New AR Tools Help Retailers Modernize the Consumer Experience
Investopedia defines AR as “an enhanced version of the real physical world that is achieved through the use of digital visual elements, sound, or other sensory stimuli delivered via technology.”
Of course, developing such an enhanced version of reality relies upon the use of specific kinds of hardware, including handheld devices such as smartphones and tablets, as well as TVs, PCs, laptops and digital mirrors. Many forms of AR also require wearable headsets or smart glasses.
While AR offers valuable and practical functions for multiple industries, the retail sector has been relatively quick to adopt the technology for a variety of purposes. For example, Investopedia cites the example of retailers incorporating AR into catalog apps: “Stores let consumers visualize how different products would look like in different environments. For furniture, shoppers point the camera at the appropriate room and the product appears in the foreground.”
Similarly, clothing retailers have found uses for AR such as virtual fitting rooms, which enable shoppers to try on products virtually by placing the items over live imaging of themselves.
Tracking the Emerging Trends of In-Store Retail AR
Despite the continued growth of online sales, many shoppers are now returning to physical stores. To better attract them, Entrepreneur reports, retailers must rethink the in-store experience, noting that “consumers are already showing a strong preference for shops that provide novel in-store experiences.”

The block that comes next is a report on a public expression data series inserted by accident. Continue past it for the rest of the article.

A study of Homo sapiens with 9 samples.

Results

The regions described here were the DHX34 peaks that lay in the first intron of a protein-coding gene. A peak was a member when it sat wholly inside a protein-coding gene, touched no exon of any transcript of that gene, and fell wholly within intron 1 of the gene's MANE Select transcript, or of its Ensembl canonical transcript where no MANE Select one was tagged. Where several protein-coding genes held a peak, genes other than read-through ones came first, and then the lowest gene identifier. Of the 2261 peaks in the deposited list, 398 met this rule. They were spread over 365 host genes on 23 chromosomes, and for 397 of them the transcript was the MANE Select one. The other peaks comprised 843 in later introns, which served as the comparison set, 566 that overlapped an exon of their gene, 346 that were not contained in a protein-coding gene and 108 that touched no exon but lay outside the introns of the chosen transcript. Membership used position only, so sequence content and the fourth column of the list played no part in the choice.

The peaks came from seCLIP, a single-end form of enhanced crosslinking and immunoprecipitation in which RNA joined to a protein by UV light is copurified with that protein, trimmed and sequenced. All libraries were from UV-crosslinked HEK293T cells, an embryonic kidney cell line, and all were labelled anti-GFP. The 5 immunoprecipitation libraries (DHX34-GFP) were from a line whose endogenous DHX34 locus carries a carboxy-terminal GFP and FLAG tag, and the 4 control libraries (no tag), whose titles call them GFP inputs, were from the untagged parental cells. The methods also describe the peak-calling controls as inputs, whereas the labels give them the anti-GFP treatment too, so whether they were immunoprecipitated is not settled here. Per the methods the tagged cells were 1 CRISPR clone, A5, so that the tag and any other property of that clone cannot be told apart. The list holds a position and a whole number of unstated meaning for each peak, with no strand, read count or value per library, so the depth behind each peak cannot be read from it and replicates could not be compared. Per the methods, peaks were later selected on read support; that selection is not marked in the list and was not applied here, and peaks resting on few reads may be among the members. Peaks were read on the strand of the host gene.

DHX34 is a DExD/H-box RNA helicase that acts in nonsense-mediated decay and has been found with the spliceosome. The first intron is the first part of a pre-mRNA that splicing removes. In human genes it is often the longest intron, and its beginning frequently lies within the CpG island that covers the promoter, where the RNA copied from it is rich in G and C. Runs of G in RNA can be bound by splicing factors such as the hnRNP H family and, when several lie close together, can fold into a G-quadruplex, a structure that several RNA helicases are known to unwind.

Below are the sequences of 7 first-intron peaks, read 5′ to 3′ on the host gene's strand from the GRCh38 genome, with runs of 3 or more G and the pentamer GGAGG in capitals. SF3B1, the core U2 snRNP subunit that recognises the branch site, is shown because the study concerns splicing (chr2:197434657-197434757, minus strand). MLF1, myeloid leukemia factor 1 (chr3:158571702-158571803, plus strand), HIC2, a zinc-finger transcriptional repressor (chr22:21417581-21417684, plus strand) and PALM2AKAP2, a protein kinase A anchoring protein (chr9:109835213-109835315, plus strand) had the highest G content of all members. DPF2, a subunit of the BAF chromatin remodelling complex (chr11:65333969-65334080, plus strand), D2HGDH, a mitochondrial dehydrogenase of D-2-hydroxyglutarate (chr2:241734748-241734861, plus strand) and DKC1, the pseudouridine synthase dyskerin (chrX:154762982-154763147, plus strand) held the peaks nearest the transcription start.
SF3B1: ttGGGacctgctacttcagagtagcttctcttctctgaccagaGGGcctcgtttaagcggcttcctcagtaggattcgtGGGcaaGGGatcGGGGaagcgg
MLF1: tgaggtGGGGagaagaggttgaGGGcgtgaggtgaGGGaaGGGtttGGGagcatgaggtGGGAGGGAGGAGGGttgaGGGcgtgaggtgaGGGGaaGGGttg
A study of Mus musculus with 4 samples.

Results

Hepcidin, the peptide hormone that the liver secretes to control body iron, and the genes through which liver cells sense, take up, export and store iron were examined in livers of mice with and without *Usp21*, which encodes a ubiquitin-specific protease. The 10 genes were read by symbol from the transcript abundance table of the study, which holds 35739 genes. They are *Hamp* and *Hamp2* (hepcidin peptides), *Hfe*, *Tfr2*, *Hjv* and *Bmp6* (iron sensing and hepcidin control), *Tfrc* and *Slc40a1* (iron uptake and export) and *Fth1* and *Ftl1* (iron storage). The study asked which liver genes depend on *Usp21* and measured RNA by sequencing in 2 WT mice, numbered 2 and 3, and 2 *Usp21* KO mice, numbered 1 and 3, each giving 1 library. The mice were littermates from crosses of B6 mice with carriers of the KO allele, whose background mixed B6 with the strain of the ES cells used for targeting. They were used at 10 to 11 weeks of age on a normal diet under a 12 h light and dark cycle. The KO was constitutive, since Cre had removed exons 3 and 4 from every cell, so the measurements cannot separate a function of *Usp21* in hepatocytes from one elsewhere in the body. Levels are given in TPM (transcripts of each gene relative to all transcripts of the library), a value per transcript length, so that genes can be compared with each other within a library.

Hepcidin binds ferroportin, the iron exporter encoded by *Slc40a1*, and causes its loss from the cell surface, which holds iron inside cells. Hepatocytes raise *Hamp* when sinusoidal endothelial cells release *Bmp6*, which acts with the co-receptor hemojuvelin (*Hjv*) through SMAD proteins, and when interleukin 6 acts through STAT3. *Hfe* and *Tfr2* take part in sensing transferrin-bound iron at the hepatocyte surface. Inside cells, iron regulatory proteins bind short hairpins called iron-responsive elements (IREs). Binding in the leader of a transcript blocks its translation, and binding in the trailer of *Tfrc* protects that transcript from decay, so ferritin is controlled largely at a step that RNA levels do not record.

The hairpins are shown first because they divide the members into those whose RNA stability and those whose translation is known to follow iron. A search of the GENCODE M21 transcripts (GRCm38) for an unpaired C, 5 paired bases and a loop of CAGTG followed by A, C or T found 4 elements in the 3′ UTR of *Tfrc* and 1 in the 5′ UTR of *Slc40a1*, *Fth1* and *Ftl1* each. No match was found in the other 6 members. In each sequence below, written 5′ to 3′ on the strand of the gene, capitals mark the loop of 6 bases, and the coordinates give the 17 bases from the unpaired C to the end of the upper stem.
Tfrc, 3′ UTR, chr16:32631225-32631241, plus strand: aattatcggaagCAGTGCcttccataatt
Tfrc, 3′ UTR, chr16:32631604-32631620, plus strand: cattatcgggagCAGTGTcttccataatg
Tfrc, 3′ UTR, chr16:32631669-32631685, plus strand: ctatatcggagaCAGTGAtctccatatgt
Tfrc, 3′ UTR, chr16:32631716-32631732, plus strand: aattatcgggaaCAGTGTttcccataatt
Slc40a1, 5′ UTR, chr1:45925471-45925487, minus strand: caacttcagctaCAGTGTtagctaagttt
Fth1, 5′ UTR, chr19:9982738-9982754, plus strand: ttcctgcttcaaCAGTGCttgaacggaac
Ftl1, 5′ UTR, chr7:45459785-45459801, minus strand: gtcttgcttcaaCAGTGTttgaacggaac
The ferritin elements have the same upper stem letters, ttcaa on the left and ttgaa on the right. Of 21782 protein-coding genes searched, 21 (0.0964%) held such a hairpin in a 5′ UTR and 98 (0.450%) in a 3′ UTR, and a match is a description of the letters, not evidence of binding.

Snapchat’s recent Future of Shopping report states that “35% of global consumers would go out of their way to visit a store that had at least one advanced technology feature such as smart mirrors and interactive screens. Being able to try on clothes and makeup virtually, or creating unique, personalised products on screens in-store are examples of differentiating technology-led features likely to entice shoppers to bricks-and-mortar retailers.”
Perhaps unsurprisingly, the same report finds that younger consumers are even more likely to be drawn to digital technology in physical spaces: “3 in 10 Gen Z and millennial shoppers say they would go out of their way to visit stores with smart technology, compared to half that number among Gen X. A further 1 in 3 shoppers also say they would use the feature if it was available in-store.”
AR Isn’t the Only Edge Computing Tool Coming Soon to a Store Near You
As previously noted, AR is just one of the many areas where the retail sector is using edge technology, and experts predict it will become even more common in the years to come. A recent piece in MIT Technology Review states, “Shoppers browsing in the aisles may be only hazily aware of the digital transformation that has been shape-shifting retail for years, including Bluetooth-enabled beacons, personalized offers, and salespeople toting digital tablets.”
However, the adoption of such technologies has accelerated quickly. The publication cites such examples as mobile apps, robotics and internet-connected devices both as a means to improve consumers’ in-store experiences and as a way to help retailers monitor operations, boost cybersecurity and reduce costs.
“To deliver on customer expectations for speed and flexibility, retailers need to bring the applications and the underlying processing and storage closer to where the data is being created,” the report states. “To do this at scale requires edge computing, which can handle applications and workloads for thousands of store locations by running computational power through nearby network and storage equipment” instead of uploading all that data directly to the cloud.